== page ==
Detail of Jim Dine,
The mighty robe I, 1985.
Colour lithograph with relief printing from polymer plates,
61.3 x 50.7 cm (image and plate), 89.2 x 63.4 cm (sheet)
National Gallery of Victoria, Melbourne Gift of the artist, 2016, 2016.806, © Jim Din
Jim Dine and other pop artists like Andy Warhol took everyday things and transformed them into magical objects. In his prints a robe could become a self-portrait, a president, or a hero.
Victoria Jones/PA Wire
Warhol has become one of the most well known artists in the world, but his work still has secrets to reveal.
Beyonce’s baseball bat wielding spree in Lemonade, left, bears more than a passing resemblance to the work of Swiss video artist Pipilotti Rist.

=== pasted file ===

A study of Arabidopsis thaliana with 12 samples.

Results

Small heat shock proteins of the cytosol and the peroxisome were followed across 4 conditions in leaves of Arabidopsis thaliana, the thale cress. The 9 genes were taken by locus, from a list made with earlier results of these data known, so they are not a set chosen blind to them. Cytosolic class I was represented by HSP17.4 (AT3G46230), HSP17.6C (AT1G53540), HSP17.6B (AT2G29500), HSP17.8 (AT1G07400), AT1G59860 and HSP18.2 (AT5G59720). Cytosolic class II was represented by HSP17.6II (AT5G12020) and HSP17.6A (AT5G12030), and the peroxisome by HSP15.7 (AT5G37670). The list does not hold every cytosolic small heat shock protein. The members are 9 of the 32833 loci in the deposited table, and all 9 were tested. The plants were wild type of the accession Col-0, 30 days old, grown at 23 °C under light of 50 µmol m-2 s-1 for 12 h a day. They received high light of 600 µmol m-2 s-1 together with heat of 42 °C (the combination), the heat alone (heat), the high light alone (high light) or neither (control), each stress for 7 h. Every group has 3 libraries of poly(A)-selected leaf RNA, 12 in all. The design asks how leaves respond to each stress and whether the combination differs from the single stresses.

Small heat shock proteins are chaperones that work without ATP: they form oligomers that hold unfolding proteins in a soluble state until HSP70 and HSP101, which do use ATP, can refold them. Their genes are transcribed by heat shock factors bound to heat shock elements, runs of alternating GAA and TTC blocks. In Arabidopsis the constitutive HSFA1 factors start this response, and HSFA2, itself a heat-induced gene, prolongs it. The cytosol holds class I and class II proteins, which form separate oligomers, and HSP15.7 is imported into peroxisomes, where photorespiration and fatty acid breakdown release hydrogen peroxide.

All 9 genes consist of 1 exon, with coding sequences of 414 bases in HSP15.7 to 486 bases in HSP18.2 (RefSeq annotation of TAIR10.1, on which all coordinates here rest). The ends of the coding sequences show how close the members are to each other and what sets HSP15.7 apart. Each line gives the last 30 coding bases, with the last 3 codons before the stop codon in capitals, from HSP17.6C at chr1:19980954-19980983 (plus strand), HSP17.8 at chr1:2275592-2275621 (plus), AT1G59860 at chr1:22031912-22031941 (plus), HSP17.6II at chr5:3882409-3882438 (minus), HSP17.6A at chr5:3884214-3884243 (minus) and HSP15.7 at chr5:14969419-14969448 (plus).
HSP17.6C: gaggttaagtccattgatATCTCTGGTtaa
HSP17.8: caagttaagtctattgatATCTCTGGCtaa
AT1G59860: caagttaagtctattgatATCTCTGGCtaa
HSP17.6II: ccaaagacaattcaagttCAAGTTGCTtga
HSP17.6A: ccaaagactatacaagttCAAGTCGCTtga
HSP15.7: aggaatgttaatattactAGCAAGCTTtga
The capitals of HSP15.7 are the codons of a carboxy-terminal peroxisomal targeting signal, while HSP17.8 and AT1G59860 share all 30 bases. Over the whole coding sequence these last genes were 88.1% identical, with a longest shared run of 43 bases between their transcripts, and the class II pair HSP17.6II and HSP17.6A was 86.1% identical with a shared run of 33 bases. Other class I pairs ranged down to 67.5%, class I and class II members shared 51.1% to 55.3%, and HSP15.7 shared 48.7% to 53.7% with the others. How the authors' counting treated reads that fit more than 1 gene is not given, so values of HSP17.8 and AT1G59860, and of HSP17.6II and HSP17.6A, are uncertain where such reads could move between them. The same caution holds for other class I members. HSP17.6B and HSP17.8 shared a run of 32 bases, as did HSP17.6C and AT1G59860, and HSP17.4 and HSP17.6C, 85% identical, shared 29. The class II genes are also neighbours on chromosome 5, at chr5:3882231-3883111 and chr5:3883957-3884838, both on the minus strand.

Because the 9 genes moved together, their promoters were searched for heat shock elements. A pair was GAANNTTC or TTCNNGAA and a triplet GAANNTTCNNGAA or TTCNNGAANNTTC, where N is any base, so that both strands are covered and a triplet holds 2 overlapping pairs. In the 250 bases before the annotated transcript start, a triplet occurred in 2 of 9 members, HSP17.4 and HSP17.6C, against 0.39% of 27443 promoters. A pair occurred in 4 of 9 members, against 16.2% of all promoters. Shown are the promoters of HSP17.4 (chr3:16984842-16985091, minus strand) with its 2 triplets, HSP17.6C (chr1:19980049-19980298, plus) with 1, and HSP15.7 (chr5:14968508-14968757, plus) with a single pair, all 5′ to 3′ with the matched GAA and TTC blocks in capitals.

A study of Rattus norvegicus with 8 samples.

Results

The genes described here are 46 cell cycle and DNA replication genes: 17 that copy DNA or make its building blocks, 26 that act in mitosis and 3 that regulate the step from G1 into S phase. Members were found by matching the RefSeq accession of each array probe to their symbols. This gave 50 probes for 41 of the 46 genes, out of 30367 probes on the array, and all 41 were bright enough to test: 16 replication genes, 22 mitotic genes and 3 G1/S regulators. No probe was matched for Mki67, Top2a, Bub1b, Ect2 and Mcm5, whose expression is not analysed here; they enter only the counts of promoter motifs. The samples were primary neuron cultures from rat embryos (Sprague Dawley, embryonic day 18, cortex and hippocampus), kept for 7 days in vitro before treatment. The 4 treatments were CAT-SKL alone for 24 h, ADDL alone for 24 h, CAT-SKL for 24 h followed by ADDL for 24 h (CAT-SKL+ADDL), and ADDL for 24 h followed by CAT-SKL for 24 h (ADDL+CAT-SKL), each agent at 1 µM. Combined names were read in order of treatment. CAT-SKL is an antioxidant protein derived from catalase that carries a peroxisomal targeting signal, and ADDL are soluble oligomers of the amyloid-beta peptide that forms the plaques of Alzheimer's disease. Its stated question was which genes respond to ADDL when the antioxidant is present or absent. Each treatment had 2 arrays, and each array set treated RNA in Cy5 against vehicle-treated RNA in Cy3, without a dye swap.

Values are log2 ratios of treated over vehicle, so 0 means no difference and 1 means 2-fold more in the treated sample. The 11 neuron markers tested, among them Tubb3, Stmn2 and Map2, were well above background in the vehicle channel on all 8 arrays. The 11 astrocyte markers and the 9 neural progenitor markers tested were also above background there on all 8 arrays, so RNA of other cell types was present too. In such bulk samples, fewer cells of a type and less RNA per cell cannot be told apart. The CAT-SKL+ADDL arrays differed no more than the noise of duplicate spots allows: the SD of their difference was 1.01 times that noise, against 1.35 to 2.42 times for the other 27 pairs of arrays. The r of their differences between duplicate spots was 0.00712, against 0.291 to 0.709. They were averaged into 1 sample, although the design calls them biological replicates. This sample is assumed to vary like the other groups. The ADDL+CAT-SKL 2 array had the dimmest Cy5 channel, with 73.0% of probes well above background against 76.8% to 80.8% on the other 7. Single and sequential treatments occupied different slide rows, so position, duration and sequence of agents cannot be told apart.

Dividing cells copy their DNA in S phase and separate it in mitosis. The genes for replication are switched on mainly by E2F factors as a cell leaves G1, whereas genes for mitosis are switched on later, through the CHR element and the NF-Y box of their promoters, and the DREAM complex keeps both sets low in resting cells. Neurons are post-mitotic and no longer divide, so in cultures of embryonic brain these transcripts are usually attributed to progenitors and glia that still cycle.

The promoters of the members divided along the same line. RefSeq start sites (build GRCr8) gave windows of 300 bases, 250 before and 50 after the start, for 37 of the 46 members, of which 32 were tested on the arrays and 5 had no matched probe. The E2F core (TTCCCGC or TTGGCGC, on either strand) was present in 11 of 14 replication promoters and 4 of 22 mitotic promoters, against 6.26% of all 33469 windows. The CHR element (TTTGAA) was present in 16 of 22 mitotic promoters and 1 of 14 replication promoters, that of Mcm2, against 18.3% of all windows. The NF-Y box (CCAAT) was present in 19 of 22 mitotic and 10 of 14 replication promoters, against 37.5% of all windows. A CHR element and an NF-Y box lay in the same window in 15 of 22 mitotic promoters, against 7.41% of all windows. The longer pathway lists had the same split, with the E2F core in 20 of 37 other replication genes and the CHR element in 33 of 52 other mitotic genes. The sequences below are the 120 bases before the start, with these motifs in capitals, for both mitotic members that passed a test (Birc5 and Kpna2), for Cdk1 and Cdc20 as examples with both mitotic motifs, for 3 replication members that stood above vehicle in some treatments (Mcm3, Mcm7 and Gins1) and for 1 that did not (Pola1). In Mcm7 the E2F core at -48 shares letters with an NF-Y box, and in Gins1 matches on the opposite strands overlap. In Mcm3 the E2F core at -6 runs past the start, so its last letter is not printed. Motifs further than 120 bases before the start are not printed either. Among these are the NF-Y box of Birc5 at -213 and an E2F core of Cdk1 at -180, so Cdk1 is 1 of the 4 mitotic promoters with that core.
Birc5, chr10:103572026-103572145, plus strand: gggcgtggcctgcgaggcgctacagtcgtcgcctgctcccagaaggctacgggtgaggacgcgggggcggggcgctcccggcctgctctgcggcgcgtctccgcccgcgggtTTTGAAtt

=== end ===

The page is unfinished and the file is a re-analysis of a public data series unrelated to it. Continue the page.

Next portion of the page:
Left, still from Lemonade (2016), right, still from Ever is Over All (1997)
From Beyoncé and Lady Gaga to Kanye and even Rihanna, pop royalty is crazy for high art. Is this a phenomenon worth celebrating or are pop stars mining the art world to gain credibility?
A still from Lemonade: a new way of experiencing music.
Why must women's art be seen as autobiographical when we readily accept the idea of male auteurs spinning fictionalised yarns? In her much analysed video and album Lemonade, Beyoncé may be playing make believe.
The NGV’s summer blockbuster packs a double whammy.
© Ai Weiwei; Andy Warhol artwork © 2015 The Andy Warhol Foundation for the Visual Arts, Inc./ARS, New York. Licensed by Viscopy, Sydney.
The NGV's summer exhibition is curated to create a dialogue between Ai Weiwei and Andy Warhol, and this conversation operates on multiple levels on a variety of themes, and across time and space.